Equity mutual fund investment offer various tax benefits
If your question is specifically about reducing your taxable income by making a tax deductible investment, then the answer is no. Only schemes specified as equity linked savings schemes (ELSS), which come with a three-year lock-in period, enjoy that benefit. However, the other equity schemes that do not allow for tax deductions, still enjoy beneficial tax treatment in the form of tax exemption for long-term gains (profits that accrue after one year of holding). This means that if an investor buys Rs.1 lakh worth of equity funds today and redeems the units more than a year later at Rs.1.2 lakh, then the profit (of Rs.20,000) is exempt from tax.
Equity mutual fund investments are among the few investment avenues that offer such a generous tax treatment for gains. Even debt funds offer a beneficial tax treatment for long-term gains (three-year holding period in these cases) in the form of lowering the taxable gain amount by applying an indexation factor on the cost of purchase.
So, every mutual fund investment offers one or another kind of tax benefit. However, tax deductibility is available only to ELSS category.
I have systematic investment plans (SIPs) in three large-cap funds, two mid-cap funds and a sector fund. My total investment per month is Rs.20,000 and I have been investing like this for the past seven years. I plan to buy units of another four funds and invest Rs.10,000 per month. Which funds would you suggest? Do I need to readjust my portfolio?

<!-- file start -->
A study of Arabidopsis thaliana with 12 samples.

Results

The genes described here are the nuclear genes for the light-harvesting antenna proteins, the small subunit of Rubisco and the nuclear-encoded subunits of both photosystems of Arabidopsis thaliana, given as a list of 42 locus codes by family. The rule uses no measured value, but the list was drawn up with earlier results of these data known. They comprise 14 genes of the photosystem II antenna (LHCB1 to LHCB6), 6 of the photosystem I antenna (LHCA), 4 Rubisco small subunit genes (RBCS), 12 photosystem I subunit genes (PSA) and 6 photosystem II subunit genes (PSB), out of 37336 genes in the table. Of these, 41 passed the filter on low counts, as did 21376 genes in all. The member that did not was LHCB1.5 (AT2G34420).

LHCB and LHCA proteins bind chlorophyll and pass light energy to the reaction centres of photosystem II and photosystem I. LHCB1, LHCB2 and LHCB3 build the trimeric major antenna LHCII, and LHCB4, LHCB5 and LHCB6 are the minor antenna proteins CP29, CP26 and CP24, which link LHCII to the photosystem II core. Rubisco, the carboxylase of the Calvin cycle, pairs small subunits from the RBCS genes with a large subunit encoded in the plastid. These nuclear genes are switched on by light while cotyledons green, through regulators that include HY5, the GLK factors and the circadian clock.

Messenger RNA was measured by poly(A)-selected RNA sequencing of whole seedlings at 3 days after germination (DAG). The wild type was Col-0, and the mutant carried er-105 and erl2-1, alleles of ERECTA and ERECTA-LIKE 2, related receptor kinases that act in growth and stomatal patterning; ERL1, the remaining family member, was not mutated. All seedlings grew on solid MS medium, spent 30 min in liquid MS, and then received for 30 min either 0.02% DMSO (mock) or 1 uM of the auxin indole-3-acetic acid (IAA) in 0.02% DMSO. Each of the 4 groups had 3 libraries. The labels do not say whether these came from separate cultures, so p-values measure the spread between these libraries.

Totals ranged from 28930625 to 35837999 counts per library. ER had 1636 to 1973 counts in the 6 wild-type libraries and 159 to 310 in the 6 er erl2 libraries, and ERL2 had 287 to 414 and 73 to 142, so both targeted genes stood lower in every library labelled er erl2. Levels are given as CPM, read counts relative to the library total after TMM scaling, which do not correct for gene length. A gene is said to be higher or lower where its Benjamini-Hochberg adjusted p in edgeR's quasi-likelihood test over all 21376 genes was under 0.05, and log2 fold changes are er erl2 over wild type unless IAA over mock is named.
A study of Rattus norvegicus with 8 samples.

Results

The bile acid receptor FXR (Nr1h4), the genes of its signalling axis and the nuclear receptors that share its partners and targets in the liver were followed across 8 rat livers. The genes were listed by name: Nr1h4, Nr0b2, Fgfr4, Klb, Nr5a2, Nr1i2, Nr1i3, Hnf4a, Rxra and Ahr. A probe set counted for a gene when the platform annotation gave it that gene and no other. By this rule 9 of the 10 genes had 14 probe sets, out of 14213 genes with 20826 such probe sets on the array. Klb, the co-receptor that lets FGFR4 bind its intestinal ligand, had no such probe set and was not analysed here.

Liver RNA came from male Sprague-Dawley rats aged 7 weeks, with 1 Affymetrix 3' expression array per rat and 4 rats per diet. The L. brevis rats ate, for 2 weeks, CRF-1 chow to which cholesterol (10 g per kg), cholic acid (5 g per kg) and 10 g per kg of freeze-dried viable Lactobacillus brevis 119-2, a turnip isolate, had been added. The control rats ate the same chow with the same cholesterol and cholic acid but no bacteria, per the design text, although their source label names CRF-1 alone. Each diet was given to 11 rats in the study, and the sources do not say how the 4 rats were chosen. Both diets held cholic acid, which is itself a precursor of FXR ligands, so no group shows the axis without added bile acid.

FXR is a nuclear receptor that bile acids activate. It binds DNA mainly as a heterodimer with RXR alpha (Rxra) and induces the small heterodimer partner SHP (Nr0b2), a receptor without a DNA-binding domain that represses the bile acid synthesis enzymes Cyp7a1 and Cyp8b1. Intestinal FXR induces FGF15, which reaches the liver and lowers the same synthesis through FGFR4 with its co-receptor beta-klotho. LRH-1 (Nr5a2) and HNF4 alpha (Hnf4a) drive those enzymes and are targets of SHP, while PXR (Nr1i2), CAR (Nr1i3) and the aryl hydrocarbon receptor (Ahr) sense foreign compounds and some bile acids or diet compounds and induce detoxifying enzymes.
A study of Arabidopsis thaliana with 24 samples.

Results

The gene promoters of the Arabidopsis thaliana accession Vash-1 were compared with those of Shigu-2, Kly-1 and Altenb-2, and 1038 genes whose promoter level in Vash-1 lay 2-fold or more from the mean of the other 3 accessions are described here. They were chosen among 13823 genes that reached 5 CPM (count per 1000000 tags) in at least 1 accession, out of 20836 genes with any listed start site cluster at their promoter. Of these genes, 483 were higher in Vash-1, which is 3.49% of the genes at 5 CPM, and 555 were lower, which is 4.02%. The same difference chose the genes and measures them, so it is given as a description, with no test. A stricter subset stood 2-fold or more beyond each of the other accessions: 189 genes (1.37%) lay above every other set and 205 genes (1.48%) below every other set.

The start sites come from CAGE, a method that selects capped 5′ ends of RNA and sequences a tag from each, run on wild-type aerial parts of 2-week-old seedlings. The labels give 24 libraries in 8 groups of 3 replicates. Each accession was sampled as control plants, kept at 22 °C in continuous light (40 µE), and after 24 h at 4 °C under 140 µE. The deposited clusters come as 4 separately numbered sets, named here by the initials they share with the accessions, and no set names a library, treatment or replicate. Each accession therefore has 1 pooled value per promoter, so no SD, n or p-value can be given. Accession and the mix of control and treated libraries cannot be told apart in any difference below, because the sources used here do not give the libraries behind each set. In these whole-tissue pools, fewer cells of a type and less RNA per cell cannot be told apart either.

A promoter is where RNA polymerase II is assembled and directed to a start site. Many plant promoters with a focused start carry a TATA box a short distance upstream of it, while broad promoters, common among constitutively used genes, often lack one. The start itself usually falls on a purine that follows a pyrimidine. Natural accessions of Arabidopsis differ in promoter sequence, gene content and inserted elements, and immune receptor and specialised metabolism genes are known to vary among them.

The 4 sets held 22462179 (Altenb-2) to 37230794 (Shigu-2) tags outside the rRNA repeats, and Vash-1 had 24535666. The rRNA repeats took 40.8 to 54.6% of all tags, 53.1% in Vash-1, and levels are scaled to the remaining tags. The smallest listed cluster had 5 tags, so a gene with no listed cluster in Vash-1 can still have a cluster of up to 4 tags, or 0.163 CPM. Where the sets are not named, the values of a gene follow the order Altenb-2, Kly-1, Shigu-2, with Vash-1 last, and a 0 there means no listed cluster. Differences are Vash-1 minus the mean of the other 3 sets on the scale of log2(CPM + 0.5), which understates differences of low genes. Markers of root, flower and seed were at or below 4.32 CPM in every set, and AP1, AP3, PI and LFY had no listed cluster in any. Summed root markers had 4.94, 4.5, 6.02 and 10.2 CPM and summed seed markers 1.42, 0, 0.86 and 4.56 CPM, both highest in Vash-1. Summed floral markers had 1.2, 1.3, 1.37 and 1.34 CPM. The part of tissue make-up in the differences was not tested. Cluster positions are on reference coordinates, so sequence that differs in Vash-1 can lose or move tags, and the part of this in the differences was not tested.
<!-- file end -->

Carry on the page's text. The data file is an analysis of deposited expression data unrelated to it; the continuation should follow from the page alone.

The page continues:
Presently, you have six funds in your portfolio and they provide good coverage across the equity market. However, without knowing the allocation across the fund categories that you have listed and the names of the funds, it is hard to provide exact feedback on your portfolio. In general, for a long-term portfolio, an aggressive asset allocation across market segments can be 40% to large-cap funds, 40% to mid-cap funds, and the remaining to a sector fund or an international fund. More conservative investors could allocate the last 20% to debt or gold funds as well.
So, in your case, please ensure that you have a proper allocation across the funds that you are holding in your portfolio. Given that you have three large-cap and two mid-cap funds, my estimate is that you are overweight on large-cap funds. That might not be a good idea, and you might want to redistribute some of that allocation to the mid-cap space. Good mid-cap funds such as ICICI Prudential Value Discovery and HDFC Mid-cap Opportunities can be considered for this purpose.
Adding four more funds to your portfolio seems a bit much. As long as you are holding funds that are performing well, you should consider adding to your existing funds, rather than bringing in new funds.